Food for the Poor goes solar
State Minister in the Ministry of Science, Technology, Energy and Mining Julian Robinson has praised Food For The Poor's investment in the installation of a 100-kilowatt solar system.
"I am happy that companies like Food For The Poor, which is in the volunteer business, continue to make the investments in alternative energy," the state minister said.
He was speaking at the official commissioning of the system on Thursday at Food For The Poor's headquarters at Ellerslie Pen in Spanish Town, St Catherine.
Robinson said the solar project was in keeping with the Government's focus on the development of renewable energy solutions.
Some US$200 million has been invested in various renewable energy initiatives scheduled to come on stream by the end of 2016.
Among the projects are the US$45 million expansion of the Wigton Wind Farm in Manchester, and development of a 20-megawatt solar plant in York Town, Clarendon, at a cost of US$47 million.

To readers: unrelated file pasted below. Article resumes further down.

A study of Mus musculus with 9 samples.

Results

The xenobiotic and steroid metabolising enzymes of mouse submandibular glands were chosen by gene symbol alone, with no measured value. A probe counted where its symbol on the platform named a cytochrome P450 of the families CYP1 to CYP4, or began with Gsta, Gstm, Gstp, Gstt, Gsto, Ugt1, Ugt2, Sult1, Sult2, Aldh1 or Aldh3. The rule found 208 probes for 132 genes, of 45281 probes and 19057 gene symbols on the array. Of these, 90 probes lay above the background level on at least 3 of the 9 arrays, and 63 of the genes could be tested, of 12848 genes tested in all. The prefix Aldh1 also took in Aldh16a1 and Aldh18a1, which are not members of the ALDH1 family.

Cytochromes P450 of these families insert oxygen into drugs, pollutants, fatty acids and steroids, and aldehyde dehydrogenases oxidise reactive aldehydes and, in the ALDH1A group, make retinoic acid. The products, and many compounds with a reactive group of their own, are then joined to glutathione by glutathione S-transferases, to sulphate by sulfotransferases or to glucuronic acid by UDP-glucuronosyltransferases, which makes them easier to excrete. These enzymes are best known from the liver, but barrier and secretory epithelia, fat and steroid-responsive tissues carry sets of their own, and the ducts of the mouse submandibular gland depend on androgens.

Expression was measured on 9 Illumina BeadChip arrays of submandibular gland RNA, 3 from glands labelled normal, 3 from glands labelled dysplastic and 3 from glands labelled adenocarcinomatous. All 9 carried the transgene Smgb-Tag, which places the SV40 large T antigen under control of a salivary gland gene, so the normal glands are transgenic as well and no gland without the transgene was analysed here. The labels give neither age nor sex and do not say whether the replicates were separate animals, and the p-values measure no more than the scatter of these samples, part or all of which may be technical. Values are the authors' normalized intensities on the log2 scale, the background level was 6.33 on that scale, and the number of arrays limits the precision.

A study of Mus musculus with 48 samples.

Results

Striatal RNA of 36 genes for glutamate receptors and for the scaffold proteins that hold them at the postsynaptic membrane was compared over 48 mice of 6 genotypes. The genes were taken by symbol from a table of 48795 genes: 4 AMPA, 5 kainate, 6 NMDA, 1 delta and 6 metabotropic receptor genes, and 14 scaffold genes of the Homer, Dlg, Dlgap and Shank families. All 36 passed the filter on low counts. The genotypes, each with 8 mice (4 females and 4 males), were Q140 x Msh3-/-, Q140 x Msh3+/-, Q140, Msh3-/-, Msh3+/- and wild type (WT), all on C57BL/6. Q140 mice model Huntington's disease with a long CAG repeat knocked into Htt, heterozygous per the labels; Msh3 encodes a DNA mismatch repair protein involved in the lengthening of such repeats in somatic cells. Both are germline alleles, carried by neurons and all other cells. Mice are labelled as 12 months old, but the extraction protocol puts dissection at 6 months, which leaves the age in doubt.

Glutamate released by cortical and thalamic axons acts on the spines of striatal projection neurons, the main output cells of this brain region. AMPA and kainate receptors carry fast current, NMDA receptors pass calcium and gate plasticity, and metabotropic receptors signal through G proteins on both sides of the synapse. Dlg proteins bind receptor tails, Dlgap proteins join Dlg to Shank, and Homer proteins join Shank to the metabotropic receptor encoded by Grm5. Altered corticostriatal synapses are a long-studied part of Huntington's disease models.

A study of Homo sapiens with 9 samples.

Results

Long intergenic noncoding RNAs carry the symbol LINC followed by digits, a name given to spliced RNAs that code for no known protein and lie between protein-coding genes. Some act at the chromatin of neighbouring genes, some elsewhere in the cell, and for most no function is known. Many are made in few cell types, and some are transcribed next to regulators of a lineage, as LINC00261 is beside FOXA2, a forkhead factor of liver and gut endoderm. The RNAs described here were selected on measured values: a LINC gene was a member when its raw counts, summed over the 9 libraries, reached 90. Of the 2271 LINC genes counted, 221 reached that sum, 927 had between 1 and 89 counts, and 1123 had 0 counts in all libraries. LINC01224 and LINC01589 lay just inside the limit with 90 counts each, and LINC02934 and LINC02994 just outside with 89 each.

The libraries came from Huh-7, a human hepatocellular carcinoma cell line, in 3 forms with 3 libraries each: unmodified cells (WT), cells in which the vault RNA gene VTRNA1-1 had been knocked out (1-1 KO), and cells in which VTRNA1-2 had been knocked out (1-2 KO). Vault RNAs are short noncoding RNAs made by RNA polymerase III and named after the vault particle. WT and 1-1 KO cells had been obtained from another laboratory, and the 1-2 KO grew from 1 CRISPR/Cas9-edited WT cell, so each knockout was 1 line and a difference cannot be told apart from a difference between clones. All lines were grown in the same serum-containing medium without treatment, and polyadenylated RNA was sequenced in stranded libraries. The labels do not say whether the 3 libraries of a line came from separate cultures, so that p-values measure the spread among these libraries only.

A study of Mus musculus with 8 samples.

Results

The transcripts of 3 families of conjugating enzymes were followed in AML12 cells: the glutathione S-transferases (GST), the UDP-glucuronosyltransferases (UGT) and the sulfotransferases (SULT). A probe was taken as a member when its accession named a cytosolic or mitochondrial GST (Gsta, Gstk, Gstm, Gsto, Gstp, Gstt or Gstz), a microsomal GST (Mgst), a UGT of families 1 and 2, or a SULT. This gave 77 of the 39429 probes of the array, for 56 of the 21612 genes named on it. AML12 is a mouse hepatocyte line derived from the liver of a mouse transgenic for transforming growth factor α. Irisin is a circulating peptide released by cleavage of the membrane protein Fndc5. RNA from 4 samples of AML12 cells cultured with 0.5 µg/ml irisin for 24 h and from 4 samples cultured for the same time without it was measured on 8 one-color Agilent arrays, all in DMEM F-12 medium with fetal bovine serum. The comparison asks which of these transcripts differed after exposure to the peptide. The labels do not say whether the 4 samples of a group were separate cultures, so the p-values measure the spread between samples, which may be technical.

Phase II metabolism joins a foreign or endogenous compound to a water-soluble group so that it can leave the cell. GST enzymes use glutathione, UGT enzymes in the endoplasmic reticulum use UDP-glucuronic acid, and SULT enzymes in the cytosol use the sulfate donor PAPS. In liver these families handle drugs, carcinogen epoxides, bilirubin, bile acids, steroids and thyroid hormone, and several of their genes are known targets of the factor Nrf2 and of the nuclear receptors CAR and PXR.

Facilities Manager at Food For The Poor Charles Powell said the US$180,000 investment would allow the charity organisation to save on its electricity bill, therefore, freeing up resources to carry out its work.
"Whatever we will save will put us in a better position to help the less fortunate. That is what Food For The Poor does," he noted.
Installed by Padero Solar Jamaica in July last year, the 100-kilowatt system consists of five inverters, each with a capacity of 20 kilowatts.
"One of the things we would have experienced since we have started to use solar is a much cleaner supply of electricity, manifesting itself in less maintenance," Powell said.
It is expected that Food For The Poor will recover its money in roughly three and a half years. It is the intention of the charity to sell excess energy to the national grid.